Mixing Slaps

Discussion in 'Rockabilly [DB]' started by gypsydjango, Jan 3, 2018.

  1. gypsydjango


    Jul 9, 2009
    I am basically (No pun intended!) a jazz player--getting into slap style. I can single slap / double slap / triple slap / quadruple slap- but find it hard to mix the slaps and mixing the slap style into 4/4 walking jazz bass style. Any tips? --apart from 'more practice!' Joe Fick is such an amazing player. Any exercises out there?
  2. jasonrp


    Feb 19, 2015
    I just play songs real slowly at first with a metronome then speed up. I only use slapping on scales to warm up because there is so much more random string hopping during a song.

    Stray cat strut is a nice one to mix a lot of slaps with. I'd never go as nutty playing it live as I do when I'm at home but the note layout is nice for mixing up different slaps (IMO)
    DukeCC likes this.
  3. Little hijack for a related question.

    I’m working on doubles with Pete Turland’s video as my guide. We ‘re not really a rockabilly, but for some tunes I’m pushing it along / injecting a little slap, though it’s more like a hard ‘pat’ yielding a soft clack.

    I realize I’ve been fudging a double and I wonder if my “technique” has a name.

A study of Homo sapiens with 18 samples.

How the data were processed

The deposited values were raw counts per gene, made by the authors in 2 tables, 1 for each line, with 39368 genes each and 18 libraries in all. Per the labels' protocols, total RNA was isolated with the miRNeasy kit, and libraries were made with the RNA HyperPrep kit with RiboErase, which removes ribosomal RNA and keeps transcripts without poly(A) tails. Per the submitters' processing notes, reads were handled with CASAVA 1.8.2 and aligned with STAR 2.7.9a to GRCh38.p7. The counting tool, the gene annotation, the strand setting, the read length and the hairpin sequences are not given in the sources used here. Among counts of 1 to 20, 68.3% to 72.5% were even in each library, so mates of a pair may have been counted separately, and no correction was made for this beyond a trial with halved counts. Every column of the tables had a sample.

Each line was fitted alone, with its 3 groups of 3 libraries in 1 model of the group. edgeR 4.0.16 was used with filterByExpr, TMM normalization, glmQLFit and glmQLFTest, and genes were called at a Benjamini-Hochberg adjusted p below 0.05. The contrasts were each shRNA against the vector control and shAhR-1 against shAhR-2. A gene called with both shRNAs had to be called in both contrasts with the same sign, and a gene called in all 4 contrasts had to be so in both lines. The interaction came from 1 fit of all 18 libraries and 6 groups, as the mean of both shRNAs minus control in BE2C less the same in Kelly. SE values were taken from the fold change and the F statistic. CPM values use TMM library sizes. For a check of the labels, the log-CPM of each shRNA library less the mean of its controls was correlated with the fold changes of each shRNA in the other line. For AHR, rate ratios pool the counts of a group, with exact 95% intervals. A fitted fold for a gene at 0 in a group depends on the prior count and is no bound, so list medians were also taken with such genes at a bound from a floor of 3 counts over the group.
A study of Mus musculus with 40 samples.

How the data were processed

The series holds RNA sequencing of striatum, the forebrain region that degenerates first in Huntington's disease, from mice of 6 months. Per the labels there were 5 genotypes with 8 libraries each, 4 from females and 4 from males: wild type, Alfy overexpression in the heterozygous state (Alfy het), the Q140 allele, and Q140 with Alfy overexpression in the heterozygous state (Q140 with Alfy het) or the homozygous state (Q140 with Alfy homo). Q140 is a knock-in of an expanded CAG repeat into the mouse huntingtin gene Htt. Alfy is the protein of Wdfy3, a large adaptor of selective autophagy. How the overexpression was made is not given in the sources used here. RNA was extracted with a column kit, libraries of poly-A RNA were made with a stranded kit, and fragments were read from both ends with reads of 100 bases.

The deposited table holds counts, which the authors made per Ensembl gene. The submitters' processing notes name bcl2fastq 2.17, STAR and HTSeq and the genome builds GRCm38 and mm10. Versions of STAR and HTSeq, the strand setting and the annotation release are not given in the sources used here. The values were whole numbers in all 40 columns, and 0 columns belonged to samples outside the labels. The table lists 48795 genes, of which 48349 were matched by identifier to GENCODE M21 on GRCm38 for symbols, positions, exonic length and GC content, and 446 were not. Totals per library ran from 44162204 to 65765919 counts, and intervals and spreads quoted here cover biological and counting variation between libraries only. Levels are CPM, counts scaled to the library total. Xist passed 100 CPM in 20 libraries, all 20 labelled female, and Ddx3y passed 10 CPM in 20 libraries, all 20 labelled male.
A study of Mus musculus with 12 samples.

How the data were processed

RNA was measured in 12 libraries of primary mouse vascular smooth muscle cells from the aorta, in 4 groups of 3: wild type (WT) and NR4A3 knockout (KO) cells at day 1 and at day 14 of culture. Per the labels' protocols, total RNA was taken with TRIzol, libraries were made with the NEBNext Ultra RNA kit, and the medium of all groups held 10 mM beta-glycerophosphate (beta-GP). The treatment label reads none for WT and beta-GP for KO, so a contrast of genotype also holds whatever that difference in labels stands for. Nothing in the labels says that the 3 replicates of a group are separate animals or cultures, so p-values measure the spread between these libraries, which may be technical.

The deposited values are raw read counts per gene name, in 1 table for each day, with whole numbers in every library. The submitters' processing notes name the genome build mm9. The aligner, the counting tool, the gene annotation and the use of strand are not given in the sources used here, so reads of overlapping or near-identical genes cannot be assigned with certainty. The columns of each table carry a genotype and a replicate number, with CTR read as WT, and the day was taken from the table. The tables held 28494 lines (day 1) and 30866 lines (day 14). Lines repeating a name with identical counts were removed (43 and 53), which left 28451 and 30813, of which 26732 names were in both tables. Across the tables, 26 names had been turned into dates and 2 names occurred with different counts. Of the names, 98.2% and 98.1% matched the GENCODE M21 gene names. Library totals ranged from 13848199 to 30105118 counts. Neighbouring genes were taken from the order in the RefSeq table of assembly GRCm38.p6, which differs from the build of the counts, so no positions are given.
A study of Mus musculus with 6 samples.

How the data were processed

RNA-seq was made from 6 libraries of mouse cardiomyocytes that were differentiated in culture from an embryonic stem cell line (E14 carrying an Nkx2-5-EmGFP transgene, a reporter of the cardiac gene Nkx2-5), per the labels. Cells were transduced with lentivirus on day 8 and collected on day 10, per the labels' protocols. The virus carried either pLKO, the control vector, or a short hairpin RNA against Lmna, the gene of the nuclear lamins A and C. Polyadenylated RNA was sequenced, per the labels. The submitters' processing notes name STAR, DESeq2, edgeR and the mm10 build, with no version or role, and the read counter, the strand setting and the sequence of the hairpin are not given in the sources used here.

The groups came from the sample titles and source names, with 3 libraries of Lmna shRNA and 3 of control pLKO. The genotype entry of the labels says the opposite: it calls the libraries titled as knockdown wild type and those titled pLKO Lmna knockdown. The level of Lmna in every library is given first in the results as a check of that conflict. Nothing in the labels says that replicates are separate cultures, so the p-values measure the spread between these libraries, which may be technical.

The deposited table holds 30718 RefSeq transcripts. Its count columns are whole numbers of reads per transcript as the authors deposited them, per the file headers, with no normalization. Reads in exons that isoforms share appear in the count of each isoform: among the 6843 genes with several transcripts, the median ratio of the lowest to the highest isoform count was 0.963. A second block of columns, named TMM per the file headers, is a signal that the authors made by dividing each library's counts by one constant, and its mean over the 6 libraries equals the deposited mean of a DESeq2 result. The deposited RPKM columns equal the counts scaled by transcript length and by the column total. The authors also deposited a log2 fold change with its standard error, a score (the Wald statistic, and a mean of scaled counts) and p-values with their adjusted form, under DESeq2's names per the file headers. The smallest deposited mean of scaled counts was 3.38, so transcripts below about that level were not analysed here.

With apologies for making up my own symbols (help me out if there are more standard ways)...

    One of our tunes has A-E-A-E sequence on the G and D strings, and it might call for

    A || E | A || E |

    (Where “|” = “slap”)

    But I play

    A |x\ E | A |x\ E |

    Where “x” is a muted A
    And “\” is the rake down to the E.

    Or maybe in words:

    A - slap - MuteRake - E - slap
    A - slap - MuteRake - E - slap

    So the MuteRake replaces a slap.

    Does this have a name?
    Can you point me to a YouTube where I can watch someone else?

    Max George likes this.
  4. jasonrp


    Feb 19, 2015
    By "Mute Rake" are you saying that you hit with the heel of your hand first due to trying to go fast?

    Does it sound like "A and a E and A and a E"? Or "A and then a E and A and then a E"

    Without a soundclip, I can only guess that you're doing a sort of triplet (like a heel drag or drag triplet) from the description. It goes Heel, fingertip, Pull --
  5. Adam Booker

    Adam Booker

    May 3, 2007
    Boone, NC
    Endorsing Artist: D'Addario Strings, Remic Microphones
    Think beat by beat at first. Go real slow over a blues using alternating a single slap with a double for a chorus, then the next chorus alternating a single with a triple, then another chorus alternating a double with a triple, etc.

    Of course, listening to Milt Hinton, Steve Brown, Welman Braud, and Bill Johnson helps.